Updated: Feb 10, 2021

In business, we are all part of an ecosystem. We must understand how it works, where we sit within it, and influence it the best we can.

Take for example a coffee shop. Depending on the location, customers are going to be either locals who live in the area or passing trade. A coffee shop in a suburban area will be highly influenced by repeat local custom. A coffee shop in the city near to a transport hub will not.

The coffee shop owner in both cases has to understand the factors that are going to control the flow of people to their premises.

Coffee Shop 1 - Is situated on a high street, opposite an adult education centre. It is a few metres from a school. Residential property is all around it.

The food chain for this business is simple to understand. There are a great number of people flowing too and from the adult education centre every day. This is their main business feeder. They must build a relationship with this business to stimulate their sales

What can they do to maximise the relationship with their feeder business?

They could get in touch with the centre, speak to the office manager there, and ask how to influence the communications that customers are sent. Questions to ask:

  • Could they pay to sponsor a newsletter?

  • Could they add an offer into the newsletter?

  • Could they sponsor the centres next brochure going out to thousands of homes across the region?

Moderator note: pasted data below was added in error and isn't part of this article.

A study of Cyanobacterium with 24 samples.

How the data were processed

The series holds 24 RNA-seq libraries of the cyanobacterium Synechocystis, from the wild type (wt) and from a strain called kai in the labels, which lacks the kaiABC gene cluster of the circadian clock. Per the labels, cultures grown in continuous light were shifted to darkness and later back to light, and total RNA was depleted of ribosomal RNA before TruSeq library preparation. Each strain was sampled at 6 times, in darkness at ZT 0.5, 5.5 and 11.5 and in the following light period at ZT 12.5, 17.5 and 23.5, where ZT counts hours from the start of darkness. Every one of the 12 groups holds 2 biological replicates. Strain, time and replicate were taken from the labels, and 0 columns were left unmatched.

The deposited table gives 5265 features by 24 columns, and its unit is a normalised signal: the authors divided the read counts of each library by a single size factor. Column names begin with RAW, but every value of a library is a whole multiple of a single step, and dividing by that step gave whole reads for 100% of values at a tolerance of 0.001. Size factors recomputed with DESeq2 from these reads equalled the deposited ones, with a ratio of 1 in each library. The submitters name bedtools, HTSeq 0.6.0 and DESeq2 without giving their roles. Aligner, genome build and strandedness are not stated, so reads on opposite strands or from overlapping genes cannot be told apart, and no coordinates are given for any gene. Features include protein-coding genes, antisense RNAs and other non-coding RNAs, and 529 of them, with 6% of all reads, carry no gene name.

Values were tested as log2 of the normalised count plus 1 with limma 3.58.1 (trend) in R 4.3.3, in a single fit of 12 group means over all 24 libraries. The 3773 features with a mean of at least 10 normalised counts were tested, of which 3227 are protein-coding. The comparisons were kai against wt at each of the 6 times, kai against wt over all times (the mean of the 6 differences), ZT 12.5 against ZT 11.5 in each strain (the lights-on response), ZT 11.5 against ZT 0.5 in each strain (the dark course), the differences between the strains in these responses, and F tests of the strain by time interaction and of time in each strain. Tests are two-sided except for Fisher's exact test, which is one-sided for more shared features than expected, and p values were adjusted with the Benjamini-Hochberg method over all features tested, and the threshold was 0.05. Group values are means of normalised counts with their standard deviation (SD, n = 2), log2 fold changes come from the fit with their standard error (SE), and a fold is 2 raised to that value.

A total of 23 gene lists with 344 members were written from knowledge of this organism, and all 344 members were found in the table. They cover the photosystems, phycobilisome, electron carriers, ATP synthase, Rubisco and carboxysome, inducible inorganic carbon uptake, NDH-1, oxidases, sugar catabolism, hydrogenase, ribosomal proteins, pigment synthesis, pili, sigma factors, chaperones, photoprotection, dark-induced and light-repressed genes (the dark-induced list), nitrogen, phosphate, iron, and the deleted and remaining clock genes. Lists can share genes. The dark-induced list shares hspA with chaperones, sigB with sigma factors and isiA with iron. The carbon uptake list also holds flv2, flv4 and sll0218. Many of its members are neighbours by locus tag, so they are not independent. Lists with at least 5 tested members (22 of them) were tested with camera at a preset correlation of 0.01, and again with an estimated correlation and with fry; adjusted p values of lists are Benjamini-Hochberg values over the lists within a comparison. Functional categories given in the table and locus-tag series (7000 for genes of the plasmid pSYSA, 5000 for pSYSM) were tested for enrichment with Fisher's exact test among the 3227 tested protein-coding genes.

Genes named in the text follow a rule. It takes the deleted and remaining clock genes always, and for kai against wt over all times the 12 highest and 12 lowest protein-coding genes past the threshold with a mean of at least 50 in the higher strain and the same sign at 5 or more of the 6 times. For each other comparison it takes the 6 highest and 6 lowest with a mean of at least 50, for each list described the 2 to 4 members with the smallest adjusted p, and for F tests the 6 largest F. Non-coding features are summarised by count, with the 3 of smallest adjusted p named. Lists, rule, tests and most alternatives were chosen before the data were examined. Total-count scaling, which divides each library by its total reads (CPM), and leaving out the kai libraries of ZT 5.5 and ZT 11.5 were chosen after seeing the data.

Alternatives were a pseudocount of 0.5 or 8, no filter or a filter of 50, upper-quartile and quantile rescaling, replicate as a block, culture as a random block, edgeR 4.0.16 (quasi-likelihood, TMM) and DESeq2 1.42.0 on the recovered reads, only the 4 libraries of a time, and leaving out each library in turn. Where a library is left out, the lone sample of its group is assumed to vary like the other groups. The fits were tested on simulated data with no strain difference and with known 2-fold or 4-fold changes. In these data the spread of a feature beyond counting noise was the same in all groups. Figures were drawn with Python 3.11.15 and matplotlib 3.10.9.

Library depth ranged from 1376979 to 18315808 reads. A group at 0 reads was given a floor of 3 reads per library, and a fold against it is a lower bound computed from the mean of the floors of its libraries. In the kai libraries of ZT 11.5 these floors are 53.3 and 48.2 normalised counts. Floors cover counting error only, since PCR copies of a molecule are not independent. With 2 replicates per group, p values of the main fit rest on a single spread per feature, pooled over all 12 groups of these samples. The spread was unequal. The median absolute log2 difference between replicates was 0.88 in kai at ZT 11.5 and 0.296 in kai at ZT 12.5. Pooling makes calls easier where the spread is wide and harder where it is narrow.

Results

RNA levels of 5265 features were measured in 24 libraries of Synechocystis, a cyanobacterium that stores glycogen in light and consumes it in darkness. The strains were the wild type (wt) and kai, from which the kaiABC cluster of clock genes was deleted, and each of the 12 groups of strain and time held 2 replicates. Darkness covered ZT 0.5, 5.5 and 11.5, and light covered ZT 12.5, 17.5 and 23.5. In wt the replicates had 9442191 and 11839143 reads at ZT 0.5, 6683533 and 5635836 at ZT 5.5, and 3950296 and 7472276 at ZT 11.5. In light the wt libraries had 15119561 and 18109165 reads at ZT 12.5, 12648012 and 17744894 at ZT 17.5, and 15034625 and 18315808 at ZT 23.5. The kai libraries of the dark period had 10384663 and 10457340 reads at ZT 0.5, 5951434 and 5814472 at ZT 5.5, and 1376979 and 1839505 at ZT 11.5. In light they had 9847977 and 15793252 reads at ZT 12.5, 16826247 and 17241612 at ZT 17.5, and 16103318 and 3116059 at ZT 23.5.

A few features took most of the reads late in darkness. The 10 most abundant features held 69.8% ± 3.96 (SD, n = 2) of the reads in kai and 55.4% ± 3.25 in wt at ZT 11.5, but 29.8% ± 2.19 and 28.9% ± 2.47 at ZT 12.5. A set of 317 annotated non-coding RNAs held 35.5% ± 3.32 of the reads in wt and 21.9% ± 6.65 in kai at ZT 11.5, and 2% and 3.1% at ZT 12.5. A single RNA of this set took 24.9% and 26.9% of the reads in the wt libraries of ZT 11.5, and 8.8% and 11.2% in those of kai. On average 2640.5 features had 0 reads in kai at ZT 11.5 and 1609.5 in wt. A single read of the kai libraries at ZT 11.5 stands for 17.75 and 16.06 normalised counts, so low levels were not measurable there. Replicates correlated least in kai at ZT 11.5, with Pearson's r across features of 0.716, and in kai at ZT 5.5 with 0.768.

• Could they post to the centres Facebook page?

  • Could they hand discounted offer flyers out to anyone coming out of the centre?

  • Can they deliver sandwiches and coffee direct to the staff of the centre?

The centre is the big fish in the pond, the coffee shop must respect and build the relationship with this player.

Also of importance is the school, schools have a huge eco-system. By focusing on how to drive sales from each of the school classes, this turns a huge amount of one off customers into happy regulars who are happy to build the coffee shop into their daily/weekly lives.

The residential customers are also important, but the success rate of targeting them is going to be a lot harder to ascertain. If you send flyers out to each house, only 1 in 10 will respond (don't quote me on this, it's from the top of my mind) So the coffee shop should prioritise the adult education centre and the school in their marketing efforts.

Of course they should be polite and friendly and treat each customer through the doors as a wished for visitor. But the business itself must understand the relationships that feed it best, and how to manipulate those for gain.

Coffee Shop 2 - is located in a city centre location next to a train station. The main demographic is business customers either going to or from their offices. There are a large number of one off customers travelling around for work too. Footfall is high, but so is competition from other similar providers.

What will help the coffee shop to maximise sales? Who should they be seeking to influence?

In this case it could be behavioural rather than player based

- Understanding the times that customers want to use the shop is vital. If people are starting at 6am then the shop needs to open early. If custom is dead by 4pm then opening late is redundant

- Using visible outside sign posting is important to get passers by to notice the business

- Looking at what the office workers near by do for their lunch breaks can identify any companies who want deliveries to their premises

- Considering larger budget activities like appearing in a commuter magazine, or on concourse advertising may be beneficial

In any case, I hope the two scenarios are useful to you in thinking about who you should be prioritising in your customer base, and how you should be looking at influencing the community around you.

Thanks for reading!



Specialising in helping Small Business Owners and Freelancers with their Marketing.